Sir Martin Sorrell’s S4 Capital is starting off 2021 with two acquisitions.
New York-based creative agency Decoded Advertising will join S4’s MediaMonks, while Metric Theory, the San Francisco-based performance marketing agency, becomes part of S4’s programmatic firm MightyHive.
“We think that 2021 will be a very strong rebound year for the world economy,” Sorrell told Adweek in an exclusive interview ahead of the public announcement of the deals. Sorrell is particularly bullish on the U.S. market which makes up about 70% of S4’s business “and virtually 100%” of Decoded Advertising’s business.
According to Sorrell, S4 Capital navigated the pandemic with between 16% and 17% growth through the end of September, 2020. Sorrell said Decoded managed “to do even better than that.” S4 projects a gross profit of around $70 million in 2020, representing 50% growth over 2019.
Decoded Advertising, MediaMonks and Metric Theory were all recognized in Adweek’s 2019 Fastest Growing class.
Six-year-old Decoded cut its teeth in the DTC space—one of the agency’s first clients was Dollar Shave Club—and has major brands including Intuit, SC Johnson, T-Mobile, WW International and Visa as clients.
The shop’s integrated approach combines creativity, technology and media. Campaigns like Visa’s “Money Is Changing,” HP’s “The Fixer” (fronted by Breaking Bad star Johnathan Banks), a virtual Santa program for T-Mobile and expanding WW’s audience more efficiently are a few recent successful endeavors.
‘Scale as an Opportunity’
“Creativity is at the heart of this,” said Matt Rednor, who founded Decoded in 2014. “We see scale as an opportunity to do more creative experimentation and have more data points to inform that. The lever of creativity is responsible for 70% of the performance opportunity, which means we need to experiment and try new things across the entire customer journey,” he said.
According to Rednor, there were several overtures from other companies. But in S4, and Sorrell in particular, Rednor “found a group of like-minded collaborators who can immediately expand our ability to continue with a more modern approach to creativity.”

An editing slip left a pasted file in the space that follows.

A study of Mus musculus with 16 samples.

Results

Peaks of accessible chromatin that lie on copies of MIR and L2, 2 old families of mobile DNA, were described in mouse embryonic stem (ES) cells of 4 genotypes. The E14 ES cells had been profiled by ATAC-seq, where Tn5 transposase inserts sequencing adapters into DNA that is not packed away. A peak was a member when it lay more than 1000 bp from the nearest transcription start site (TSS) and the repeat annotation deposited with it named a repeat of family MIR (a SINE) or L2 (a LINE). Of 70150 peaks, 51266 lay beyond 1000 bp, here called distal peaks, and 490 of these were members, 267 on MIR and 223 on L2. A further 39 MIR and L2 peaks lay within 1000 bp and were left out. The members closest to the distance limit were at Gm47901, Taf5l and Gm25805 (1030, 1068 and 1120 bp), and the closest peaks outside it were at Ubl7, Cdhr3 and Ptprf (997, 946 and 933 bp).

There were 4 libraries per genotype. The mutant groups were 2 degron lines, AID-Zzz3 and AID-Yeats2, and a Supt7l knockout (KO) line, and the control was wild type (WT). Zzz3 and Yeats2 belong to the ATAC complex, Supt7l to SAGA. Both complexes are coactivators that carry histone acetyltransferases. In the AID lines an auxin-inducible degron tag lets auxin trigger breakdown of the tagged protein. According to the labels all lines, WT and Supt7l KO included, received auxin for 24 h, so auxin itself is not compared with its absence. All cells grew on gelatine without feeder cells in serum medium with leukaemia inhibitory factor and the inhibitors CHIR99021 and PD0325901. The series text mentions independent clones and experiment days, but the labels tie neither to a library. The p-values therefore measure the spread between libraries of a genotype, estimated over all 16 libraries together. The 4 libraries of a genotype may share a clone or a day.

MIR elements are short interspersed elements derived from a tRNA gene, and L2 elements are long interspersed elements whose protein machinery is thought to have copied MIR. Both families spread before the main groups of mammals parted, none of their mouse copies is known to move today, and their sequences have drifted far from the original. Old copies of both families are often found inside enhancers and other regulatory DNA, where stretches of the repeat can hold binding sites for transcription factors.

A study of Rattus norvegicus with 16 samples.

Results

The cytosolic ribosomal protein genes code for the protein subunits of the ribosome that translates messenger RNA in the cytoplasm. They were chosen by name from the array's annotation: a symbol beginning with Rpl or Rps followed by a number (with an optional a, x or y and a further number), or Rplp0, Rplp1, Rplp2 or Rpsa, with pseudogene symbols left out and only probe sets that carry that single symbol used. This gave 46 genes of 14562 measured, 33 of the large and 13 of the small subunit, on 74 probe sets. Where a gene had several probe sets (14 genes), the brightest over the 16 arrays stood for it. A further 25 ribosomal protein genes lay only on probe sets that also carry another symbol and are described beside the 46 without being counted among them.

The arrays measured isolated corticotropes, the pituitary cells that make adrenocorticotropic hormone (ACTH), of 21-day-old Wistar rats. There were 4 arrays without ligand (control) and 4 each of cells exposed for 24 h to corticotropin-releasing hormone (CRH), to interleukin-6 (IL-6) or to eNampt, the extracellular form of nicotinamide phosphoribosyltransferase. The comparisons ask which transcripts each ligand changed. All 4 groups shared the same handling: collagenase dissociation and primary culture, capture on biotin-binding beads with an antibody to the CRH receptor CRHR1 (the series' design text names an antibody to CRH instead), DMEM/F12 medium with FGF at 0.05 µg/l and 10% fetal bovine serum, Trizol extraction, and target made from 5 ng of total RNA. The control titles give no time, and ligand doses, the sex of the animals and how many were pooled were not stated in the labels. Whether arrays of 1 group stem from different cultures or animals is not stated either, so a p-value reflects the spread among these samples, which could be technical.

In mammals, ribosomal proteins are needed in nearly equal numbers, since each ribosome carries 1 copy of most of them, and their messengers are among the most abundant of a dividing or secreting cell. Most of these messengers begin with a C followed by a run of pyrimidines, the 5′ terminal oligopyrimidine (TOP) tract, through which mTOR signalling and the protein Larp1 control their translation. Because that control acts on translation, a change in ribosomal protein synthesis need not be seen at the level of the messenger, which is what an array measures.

“We weren’t looking to sell necessarily or be acquired,” said Rednor, who spent almost 5 years each at BBDO and MRY before launching Decoded. “We were looking for a partner that would allow us the right environment to continue to thrive and keep building, to allow us to compete and win.”
Sorrell told Adweek deals like these—structured with both cash and shares in publicly-traded S4—are essential to the company’s growth.
“We don’t like buyouts,” said Sorrell, who, over more than 30 years, built WPP into the world’s largest advertising agency conglomerate. “We think that they are past their ‘sell-by’ date and probably the Achilles heel of the traditional agency holding companies.”
Sorrell said the holding company model, pioneered by Marion Harper Jr. in the 1950s, which focused on market share, “doesn’t work anymore.”
Sorrell noted that S4 has five global clients in the $20 million-plus range—internally, called “whoppers”—including 2020 wins BMW Mini and Mondelēz. “With Decoded’s help, I’m sure we’ll get to 20 [whoppers] and get the first 10 in short order,” said Sorrell, who pointed out that S4 companies have pitched against agencies and holding companies including Dentsu, IPG, Publicis and WPP, and took some business away from AKQA.
Sorrell said that Brexit hasn’t impacted S4’s business and is a non-factor looking forward. Part of the ambition and strategy is based on building outside of the U.K. market, focused on the more growth-rich digital end of the business. With a market cap of around $3.6 billion, S4 has a presence in 31 countries.